Luis Sinco/Los Angeles Times
Johnny Aralaji, the leader of a Badjao community in Puerto Princesa, Philippines, scans the sea for almost nonexistent schools of fish. Because the Badjao, a waterborne, mostly Muslim people known as “Bedouins of the sea,” do not celebrate birthdays, Aralaji guesses his age to be around 70. He sees the culture and traditions of his people sinking but remains unsentimental and resolute because he knows that they must seek land-based alternatives in order to simply survive. Palawan, Philippines, July 15, 2009.
© Luis Sinco/Los Angeles Times
A woman scavenges for recyclable cans and plastic from an island of waste deposited in Manila Bay by the flow of several rivers. Thousands of impoverished Filipinos eke out a living in the low-lying delta areas of Manila Bay in one of the world's most congested and polluted urban areas. Malabon, Philippines, July 12, 2009.
Luis Sinco/Los Angeles Times
Prostitutes and strip clubs line Fields Avenue in Angeles, Philippines, a town with a history steeped in prostitution. Local prostitutes once served U.S. military personnel stationed at Clark Air Base. Since the base's closure, however, the town has reincarnated into a sex tourist destination for elderly men from Australia, Korea, China, Germany and the United States. Around here, anything goes, said one craggy-faced bar patron from Australia. July 22, 2009.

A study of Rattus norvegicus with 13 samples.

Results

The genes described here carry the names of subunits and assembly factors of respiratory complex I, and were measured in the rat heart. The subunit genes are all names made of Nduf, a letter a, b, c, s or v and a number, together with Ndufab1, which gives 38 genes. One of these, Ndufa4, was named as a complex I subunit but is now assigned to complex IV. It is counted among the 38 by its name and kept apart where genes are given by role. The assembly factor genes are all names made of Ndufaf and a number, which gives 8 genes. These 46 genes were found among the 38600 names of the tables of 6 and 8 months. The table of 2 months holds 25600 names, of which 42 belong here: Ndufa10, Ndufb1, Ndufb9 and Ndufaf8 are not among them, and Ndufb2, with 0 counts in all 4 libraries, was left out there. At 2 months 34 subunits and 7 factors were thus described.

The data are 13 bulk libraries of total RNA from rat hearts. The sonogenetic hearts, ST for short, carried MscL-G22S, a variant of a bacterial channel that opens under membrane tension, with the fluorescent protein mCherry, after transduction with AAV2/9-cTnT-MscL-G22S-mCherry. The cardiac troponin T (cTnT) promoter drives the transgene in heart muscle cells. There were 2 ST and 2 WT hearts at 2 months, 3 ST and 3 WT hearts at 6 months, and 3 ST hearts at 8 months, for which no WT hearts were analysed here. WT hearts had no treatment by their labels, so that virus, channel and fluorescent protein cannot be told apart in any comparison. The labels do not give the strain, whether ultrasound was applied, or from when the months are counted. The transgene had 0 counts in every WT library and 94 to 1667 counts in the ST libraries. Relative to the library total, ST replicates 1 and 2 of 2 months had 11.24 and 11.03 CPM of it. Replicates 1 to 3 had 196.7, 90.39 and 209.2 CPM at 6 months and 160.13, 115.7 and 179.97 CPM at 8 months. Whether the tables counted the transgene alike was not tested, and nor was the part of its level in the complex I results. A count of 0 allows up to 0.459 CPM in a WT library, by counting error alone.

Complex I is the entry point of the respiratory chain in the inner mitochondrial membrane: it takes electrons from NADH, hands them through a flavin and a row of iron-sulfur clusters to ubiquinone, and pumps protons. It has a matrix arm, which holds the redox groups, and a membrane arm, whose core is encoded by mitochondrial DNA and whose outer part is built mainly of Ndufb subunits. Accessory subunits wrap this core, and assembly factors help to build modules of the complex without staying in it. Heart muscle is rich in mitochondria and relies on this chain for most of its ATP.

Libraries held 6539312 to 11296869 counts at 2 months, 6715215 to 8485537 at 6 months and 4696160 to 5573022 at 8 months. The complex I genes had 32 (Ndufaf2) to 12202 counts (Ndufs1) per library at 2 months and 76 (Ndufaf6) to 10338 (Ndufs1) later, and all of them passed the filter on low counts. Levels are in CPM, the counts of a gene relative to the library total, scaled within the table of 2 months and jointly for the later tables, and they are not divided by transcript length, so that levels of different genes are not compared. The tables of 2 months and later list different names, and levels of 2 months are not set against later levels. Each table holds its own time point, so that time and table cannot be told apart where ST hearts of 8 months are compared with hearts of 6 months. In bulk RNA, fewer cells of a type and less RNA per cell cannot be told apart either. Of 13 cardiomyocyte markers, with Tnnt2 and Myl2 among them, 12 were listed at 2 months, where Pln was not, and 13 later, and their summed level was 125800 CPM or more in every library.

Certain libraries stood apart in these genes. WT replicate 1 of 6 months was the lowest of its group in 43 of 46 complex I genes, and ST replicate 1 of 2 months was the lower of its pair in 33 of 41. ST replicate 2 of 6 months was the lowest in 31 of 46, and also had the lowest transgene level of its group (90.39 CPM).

© Luis Sinco/Los Angeles Times
A deckhand coils the mooring lines of a riverboat on the Kampar River in Teluk Meranti, Indonesia. The village is located in Riau province, often called ground zero of the war on global warming. Greenpeace studies show that Riau's peatlands contain the highest concentration of carbon per acre than anywhere else in the world. When companies burn the forest to sew new wood pulp and palm oil plantations, that carbon is released into the atmosphere. Studies show that the carbon released by logging in Brazil and Indonesia amounts to more than the sum of all the buses, planes and cars on the planet. Oct. 22, 2009.
Luis Sinco/Los Angeles Times
The elegant Grand Mosque is the center of Muslim life in Banda Aceh, Indonesia, which has a devout population that lives under strict Sharia laws governing morality. Oct. 22, 2009.